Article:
Cheticamp River Salmon AssociationMay 12, 2017
It’s always nice to have a clear and wide path when you’re trying to make your way to your destination, and fish are no different.
The Chéticamp River Salmon Association (CRSA) has been working hard in recent years to improve the fish passage on the lower Chéticamp River. The river flows almost entirely through th Cape Breton Highlands National Park and has one of only two healthy spring salmon runs left in Nova Scotia.
The project has been ongoing for several years, and in 2016 the Atlantic Salmon Conservation Foundation helped out with a $7500 grant for Phase III.
The intent of Phase III was to improve fish passage and restore freshwater habitat for Atlantic salmon. It involved continuing work from 2014 and 2015 that focused on installing instream structures – primarily rock retarding bars – at critically over widened locations to encourage the river to gradually narrow and deepen.
The CRSA realized that restoration work was required as human impacts – including past logging and poor bridge placement – as well as warmer water temperatures and lower water levels in the crucial month of June, have negatively impacted the river.
The habitat restoration team identified three objectives for Phase III work:
- Improve fish passage through the over-widened runs and riffles on the lower Chéticamp by installing instream structures according to restoration plan;
- Increase productivity of Atlantic salmon by improving habitat in over-widened riffles and runs and increasing access to upstream spawning and rearing habitat;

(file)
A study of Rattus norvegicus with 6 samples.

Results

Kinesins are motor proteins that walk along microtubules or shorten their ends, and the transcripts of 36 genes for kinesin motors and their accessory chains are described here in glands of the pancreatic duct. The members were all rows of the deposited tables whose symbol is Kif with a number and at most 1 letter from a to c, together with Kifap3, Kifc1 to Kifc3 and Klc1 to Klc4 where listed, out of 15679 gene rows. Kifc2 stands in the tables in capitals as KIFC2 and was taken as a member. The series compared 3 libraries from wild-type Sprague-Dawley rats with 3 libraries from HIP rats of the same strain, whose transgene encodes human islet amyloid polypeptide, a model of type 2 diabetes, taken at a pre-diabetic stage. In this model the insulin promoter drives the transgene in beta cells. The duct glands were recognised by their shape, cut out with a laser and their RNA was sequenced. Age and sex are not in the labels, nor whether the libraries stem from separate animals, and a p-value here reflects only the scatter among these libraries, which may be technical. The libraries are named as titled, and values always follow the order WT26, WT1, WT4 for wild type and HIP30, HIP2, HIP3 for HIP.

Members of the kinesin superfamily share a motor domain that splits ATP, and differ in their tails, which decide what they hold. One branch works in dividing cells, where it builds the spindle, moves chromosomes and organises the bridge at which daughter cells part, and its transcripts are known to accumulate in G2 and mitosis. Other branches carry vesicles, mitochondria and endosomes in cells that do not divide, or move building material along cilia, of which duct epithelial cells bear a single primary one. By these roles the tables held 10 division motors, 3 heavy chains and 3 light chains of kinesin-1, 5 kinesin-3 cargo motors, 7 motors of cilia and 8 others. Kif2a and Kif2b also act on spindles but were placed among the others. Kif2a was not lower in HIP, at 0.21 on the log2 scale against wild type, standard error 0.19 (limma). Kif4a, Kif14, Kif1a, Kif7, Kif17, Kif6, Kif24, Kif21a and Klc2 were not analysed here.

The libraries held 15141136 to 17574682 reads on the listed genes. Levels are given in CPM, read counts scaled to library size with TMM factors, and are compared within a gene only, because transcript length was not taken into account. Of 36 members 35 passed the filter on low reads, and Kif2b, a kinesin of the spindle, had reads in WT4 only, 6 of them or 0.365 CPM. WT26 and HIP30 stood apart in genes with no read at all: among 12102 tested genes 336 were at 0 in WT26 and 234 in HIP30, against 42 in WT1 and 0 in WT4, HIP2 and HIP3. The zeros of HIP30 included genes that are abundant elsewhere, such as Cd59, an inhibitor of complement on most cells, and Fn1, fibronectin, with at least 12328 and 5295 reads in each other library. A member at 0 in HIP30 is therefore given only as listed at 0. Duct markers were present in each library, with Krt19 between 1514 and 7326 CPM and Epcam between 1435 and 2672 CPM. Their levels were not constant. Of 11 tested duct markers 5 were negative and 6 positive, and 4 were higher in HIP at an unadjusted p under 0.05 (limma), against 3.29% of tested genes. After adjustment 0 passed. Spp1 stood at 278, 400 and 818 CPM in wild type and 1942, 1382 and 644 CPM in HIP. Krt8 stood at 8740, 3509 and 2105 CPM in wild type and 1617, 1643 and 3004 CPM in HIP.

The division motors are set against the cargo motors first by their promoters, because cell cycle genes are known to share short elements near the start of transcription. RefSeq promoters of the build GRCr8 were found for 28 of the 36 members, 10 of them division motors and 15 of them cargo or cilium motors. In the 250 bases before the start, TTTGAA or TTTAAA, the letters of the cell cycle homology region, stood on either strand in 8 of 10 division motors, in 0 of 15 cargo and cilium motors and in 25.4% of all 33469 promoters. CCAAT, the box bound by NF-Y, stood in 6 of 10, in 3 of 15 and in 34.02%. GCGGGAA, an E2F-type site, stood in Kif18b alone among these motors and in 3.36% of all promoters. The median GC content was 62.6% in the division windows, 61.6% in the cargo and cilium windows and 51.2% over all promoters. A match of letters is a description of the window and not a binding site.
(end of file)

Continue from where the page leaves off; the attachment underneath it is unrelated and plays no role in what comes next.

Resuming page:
- Reduce bank erosion and scouring of reeds in the lower Chéticamp caused by the river freezing and the creation of ice jams in the over-widened sections.
Phase III of the habitat restoration work resulted in the successful completion of work at three sites: below the Cabot Trail, Robert’s Brook, and Faribault Brook. A total of 15 instream structures were installed, and maintenance was carried out to an additional three structures. The instream work resulted in approximately 2,500 m (75,000 m2) of more easily accessible habitat and approximately 1300 m (length) 45,000 m2 (area) of restored habitat.
The CRSA notes that while this most recent work will not completely restore the Chéticamp River to pre-impact conditions, it will improve conditions and increase access to important upstream spawning and rearing habitat.
While the project initially began as a three year project, the CRSA is looking beyond to at least a forth year for restoration and will continue with monitoring and possibly maintenance of structures going forward.